Projects exploring artistic links between Scotland and Japan are receiving a £100,000 boost.
Eleven Scottish projects are being supported to take part in the UK In Japan 2019-20 campaign through a partnership between British Council Scotland and Creative Scotland.
The campaign, showcasing areas such as UK business, science and arts, will start in September 2019 at the same time as the Rugby World Cup, and will close in September 2020 with the culmination of the Tokyo Olympic and Paralympic Games.
The British Council will lead on cultural activities in Japan, bringing in work from across the UK in collaboration with a range of partners, while the Japanese government will lead on reciprocal activity in the UK.
The 11 Scottish projects chosen to receive funding cover several art forms, from theatre and music to visual arts and cross-disciplinary practices.
They include the Traverse Theatre, Creative Dundee and Tricky Hat Productions.
Gillian Easson, Creative Dundee’s director, said: “Seemingly unconnected, the cities of Dundee and Kobe have experienced dramatic periods of renewal, resilience and have rebuilt their civic confidence through culture and design. As a result, both cities have been recognised as Unesco Cities of Culture.
“We are thrilled to be working with our partners, Unesco City of Design, Dundee, and Design and Creative Center Kobe (Kitto), supported by the British Council and Creative Scotland to run Small Society Lab Japan x Scotland in May 2020.
“Bringing artists, designers, technologists and citizens together across the two cities, the simultaneous Labs will feature live link-ups, enabling communities to share, learn from each other and explore how we inhabit our city spaces of the future.”
The value of each award ranges from £9,000 to £11,500.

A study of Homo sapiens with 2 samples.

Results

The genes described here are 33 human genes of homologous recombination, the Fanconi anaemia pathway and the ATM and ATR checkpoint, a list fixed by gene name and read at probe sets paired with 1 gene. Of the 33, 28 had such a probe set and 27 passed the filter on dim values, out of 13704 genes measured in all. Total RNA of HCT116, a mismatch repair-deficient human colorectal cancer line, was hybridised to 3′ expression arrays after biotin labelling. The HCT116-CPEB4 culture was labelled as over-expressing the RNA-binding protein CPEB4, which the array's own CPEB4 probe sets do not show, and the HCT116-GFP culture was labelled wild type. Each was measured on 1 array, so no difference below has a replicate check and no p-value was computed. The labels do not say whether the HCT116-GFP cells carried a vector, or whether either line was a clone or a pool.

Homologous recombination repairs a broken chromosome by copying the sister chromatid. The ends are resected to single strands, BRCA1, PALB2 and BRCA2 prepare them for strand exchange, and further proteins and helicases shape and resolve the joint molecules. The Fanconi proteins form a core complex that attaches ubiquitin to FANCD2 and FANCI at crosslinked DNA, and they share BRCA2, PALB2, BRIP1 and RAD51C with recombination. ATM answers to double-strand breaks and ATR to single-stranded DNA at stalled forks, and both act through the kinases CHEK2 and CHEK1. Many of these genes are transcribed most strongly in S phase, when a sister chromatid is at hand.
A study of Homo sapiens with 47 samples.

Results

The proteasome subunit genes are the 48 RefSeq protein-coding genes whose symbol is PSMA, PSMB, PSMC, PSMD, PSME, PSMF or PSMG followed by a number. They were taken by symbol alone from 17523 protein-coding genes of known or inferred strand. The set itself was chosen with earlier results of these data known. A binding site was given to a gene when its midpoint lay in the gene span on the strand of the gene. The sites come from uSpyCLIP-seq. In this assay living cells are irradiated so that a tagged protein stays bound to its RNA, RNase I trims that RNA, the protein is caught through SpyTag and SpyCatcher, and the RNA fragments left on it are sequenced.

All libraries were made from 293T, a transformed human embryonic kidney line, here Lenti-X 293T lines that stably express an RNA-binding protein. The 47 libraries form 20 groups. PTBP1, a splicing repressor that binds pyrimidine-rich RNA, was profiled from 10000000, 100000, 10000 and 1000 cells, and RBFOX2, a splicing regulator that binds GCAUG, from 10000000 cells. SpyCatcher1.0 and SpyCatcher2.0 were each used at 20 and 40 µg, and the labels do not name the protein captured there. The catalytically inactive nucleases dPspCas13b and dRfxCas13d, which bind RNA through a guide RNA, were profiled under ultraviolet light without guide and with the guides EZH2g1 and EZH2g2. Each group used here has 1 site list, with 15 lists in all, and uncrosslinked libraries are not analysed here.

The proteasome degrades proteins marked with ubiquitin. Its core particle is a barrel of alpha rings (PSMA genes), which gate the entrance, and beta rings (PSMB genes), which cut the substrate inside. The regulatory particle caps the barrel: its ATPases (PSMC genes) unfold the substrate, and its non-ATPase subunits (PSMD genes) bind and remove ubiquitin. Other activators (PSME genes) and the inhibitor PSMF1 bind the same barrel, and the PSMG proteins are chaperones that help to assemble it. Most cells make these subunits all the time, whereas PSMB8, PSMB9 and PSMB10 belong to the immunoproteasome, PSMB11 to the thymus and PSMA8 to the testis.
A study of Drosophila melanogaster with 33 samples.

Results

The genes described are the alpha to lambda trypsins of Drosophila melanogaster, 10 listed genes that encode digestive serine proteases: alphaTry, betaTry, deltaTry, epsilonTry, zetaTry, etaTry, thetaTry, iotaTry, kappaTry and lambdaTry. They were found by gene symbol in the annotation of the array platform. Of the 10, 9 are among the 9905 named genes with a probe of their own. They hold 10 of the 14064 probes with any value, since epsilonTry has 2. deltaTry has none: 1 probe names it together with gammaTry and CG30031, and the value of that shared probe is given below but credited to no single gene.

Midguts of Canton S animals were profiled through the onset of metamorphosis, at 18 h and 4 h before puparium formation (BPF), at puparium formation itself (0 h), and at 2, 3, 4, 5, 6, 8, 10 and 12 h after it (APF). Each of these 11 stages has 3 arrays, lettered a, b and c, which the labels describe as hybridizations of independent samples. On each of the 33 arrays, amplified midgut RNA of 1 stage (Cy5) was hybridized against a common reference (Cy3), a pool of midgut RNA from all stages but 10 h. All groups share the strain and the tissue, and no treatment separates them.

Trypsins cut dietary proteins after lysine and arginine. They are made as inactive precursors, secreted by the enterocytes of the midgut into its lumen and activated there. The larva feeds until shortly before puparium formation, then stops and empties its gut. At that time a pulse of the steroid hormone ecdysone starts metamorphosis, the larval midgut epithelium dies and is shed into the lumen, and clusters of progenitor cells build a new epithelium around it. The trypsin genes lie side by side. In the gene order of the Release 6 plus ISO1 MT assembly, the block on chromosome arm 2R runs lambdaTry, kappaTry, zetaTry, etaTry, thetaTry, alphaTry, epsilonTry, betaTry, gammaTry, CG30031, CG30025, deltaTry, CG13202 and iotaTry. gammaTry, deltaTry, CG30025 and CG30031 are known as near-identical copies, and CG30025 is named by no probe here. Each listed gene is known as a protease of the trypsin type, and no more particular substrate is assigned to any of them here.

Sunniva Ramsay, creative producer with the Traverse Theatre in Edinburgh, said they are thrilled to be part of the event.
She said: “The Traverse will connect two Scottish playwrights with residencies in Japan, through which they’ll explore the intercultural similarities and differences between Scottish/Japanese language, culture and landscape, to inform the creation of new works for the stage.
“We hope to connect Scottish playwrights to experiences which will provoke them to consider different methods of theatre-making, to broaden artistic vision and ultimately create bold and exciting new work to be shared and enjoyed by both Scottish and international audiences.”
The other organisations receiving funds are Jane Bentley, North Lands Creative, Julie Brook, Rachel Aisling Smith, Feral, Susan Christie, Gordon Douglas and Lateral Lab.
Jackie Killeen, director of British Council Scotland, said: “UK In Japan 2019-20 is a unique platform for the selected organisations and individuals to showcase their work and explore new opportunities.
“Japan is an important country for both Scotland and the UK, with a wealth of already established networks and partnerships, and many more waiting to be developed.
“We are very pleased to be working with our partners at Creative Scotland to enable those important international relationships to develop and grow.”